Welcome to my blog. If you live in Surrey and birding is your obsession (to get out of bed at some ridiculously early time of the morning, no matter what the weather, to go and look at birds isn't normal behaviour, believe me) and you're still a bit of a novice (like me) then, hopefully, this blog is for you.

Thursday 7 March 2013


Winter just won't quite leave, will it? Its death throws are like those of a bad actor.

If this was an astrology blog, which thankfully it isn't, I would be describing this time of year as on the cusp. It's neither one thing or the other. We've had one glorious day this week, but rain is forecast and the cold snap is due to return next week. Tiresome.

Tuesday was an exception to that particular rule. So I spent the morning making the most of it.

Birding currently is like the weather. It's also neither one thing or the other. The winter migrants are on the verge of flying to their breeding grounds, while our spring visitors are contemplating arriving here. But not quite yet.

It's a time to catch up with some species missing off the Surrey year list – predictably I've ended up doing one when I originally stated I wouldn't. As lists go, however, this one won't be mind-blowing, nor will I be hell-bent in keeping up with previous years. If that were the case I would have already chased over to Tices Meadow for a Black-tailed Godwit, Water Rail and Jack Snipe and to Barnes for a Bearded Tit and Pintail. I really can't be bothered to do that. I'd like to go to Tices at some point but I should really concentrate on my two patches over on this side of Surrey, neither of which I have paid enough attention to in recent weeks.

I have a British year list, but that is only 15 ahead of my Surrey year list. I look at other people's lists and wonder how they have enough time to see all these birds. Lee Evans, for example, is already on 215 British birds for the year, which is 95 ahead of me. But I'm happy with what I have seen so far.

Cutt Mill Ponds is one of the best places in Surrey for Mandarin
Prior to visiting Thursley Common on Tuesday morning I popped in at Cutt Mill Ponds, where I saw five Mandarin, plus a handsome Kingfisher fly on to a branch by the side of the road as I was about to drive past. No Goosander, but a nice opener nonetheless.

At Crooksbury Common, where 11 Crossbill had been seen a few days earlier, none were present while I was there, just a few Woodlark. Last year a lone Dartford Warbler was a constant presence, but it either perished due to the cold snap or got bored waiting for a mate to arrive and travelled the short distance to Thursley Common where plenty of potential partners have taken residence.

Early morning at Thursley Common
At Thursley itself, the Great Grey Shrike was happily hunting for food in the sunshine in one of its usual spots – where it's hardest to walk to – at the far eastern end on Ockley Common. I've been lucky with the Shrike this winter. With each visit – four in all – I've located the Shrike every time, which is in stark contrast to my first attempts a few years ago. Whether it means I've actually developed a touch of birding craft during these past few years, who knows.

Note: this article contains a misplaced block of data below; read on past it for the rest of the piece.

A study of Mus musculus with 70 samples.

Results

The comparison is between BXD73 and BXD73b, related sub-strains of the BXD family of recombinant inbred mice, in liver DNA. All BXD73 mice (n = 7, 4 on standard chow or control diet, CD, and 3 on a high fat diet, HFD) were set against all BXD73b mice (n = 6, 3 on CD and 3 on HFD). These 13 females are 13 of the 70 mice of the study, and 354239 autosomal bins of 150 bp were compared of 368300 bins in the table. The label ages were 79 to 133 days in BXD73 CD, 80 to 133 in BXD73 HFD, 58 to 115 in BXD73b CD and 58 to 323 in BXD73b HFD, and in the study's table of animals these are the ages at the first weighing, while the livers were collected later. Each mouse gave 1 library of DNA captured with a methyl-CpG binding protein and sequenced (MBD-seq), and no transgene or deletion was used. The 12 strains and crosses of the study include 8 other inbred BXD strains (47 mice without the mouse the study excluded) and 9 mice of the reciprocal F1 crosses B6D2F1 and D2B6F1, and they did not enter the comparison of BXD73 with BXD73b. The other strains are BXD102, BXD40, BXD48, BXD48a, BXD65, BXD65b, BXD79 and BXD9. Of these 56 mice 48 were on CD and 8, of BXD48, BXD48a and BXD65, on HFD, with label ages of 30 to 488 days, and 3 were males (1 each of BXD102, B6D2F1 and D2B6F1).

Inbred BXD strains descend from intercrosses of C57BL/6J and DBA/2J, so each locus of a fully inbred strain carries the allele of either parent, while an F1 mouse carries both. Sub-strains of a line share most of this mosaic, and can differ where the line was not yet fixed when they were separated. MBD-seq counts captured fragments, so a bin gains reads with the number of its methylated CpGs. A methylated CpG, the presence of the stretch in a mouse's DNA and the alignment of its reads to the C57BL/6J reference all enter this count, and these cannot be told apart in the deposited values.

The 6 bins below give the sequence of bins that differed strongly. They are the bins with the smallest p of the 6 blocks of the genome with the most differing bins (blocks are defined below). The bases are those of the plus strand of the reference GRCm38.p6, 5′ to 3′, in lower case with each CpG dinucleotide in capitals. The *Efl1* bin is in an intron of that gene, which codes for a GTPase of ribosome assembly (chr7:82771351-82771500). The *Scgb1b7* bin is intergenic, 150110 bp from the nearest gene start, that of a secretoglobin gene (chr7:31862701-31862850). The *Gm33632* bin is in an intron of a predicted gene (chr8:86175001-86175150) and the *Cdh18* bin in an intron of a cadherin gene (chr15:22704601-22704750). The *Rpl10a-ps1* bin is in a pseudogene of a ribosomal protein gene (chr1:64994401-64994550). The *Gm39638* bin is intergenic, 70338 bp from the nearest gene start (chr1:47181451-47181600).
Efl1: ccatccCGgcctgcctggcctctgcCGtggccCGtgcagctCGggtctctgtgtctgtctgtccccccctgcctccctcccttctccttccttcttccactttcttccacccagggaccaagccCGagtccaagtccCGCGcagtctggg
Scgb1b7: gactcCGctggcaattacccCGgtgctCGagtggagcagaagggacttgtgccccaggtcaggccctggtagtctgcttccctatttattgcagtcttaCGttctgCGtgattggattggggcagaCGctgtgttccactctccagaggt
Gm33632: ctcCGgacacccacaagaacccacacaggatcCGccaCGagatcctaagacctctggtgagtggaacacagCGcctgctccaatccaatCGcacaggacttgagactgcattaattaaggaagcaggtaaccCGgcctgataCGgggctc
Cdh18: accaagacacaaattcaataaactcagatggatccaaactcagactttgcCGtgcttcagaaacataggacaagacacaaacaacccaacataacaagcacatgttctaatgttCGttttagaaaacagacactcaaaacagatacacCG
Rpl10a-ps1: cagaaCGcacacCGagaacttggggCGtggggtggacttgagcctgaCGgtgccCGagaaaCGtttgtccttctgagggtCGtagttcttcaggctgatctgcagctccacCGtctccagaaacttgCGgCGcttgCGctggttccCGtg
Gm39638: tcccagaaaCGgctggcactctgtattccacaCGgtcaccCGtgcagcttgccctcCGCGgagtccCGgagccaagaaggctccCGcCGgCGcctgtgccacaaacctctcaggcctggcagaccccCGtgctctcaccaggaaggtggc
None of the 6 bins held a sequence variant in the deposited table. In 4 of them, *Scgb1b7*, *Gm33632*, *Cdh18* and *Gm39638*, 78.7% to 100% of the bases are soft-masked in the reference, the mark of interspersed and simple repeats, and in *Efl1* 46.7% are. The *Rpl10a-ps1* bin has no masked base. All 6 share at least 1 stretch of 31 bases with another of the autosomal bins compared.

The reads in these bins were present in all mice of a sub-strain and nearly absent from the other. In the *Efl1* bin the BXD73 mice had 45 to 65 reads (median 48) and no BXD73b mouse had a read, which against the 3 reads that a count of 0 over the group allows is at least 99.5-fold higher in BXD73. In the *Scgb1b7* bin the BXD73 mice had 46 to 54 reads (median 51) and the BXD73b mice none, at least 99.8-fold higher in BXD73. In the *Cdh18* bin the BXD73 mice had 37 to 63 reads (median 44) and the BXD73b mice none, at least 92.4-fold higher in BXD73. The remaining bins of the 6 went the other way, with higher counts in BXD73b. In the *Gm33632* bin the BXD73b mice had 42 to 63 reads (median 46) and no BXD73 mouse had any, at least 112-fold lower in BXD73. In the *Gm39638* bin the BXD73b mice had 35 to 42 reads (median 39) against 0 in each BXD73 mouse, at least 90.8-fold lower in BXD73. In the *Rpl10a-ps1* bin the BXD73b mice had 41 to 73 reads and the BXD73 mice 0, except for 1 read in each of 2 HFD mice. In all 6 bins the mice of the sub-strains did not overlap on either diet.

The Great Grey Shrike was busy hunting in the warm sunshine
Thursley was a really pleasant place to visit on Tuesday morning. There were plenty of Woodlark and Skylark singing, plus the distinctive call of a Curlew, one of the pair that regularly breed here during the spring announcing its return to the site. I'd hoped to see a Dartford Warbler – there are a few dotted around the Common – but I didn't even hear one call, which was a surprise given how warm it was.

Skylark song was a feature around the Common
Thursley Common's Curlews are back
Of the birds I should have seen by now in Surrey this year there are a handful of omissions. The most glaring one is Lesser Redpoll. I'm not sure why that is. Lesser Spotted Woodpecker is due soon, hopefully at Canons Farm, while Crossbill have been few and far between anywhere – just two sightings reported so far, at Crooksbury and Chobham Commons this week.

I've sort of given up on Jack Snipe for now. At least we've got another winter spell (whoopee-do!) at the end of the year for me to have another go.

Another bird I've yet to see is a Water Rail. Last year I had a reliable place on my local patch at Holmethorpe I could regular see one or two, but due to the heavy rain this winter, the Redhill Brook opposite Mercer's Lake has been flowing too fast for these secretive crakes. I ought to give the area a proper walk – something I have neglected to do for quite a few weeks.

Of the early spring arrivals, none yet has appeared in the county but the odd Sand Martin and Wheatear have been seen elsewhere.

In a couple of weeks from now, Blackcaps, Chiffchaffs and Willow Warblers will be singing,  Wheatear will be the buzz word, as will Sand Martin, Little Ringed Plover, Little Gull (at Staines Reservoir) and maybe if we're looking up at the sky at the right time, an early flyover Osprey. That'd be good.

For me the bird I look forward to seeing most in about a month's time is a Ring Ouzel. That's when I know spring really is in full swing.

1 comment:

  1. Check out my Surrey blog:
    exploringwildlife.blogspot.com, for updates on what we are spotting.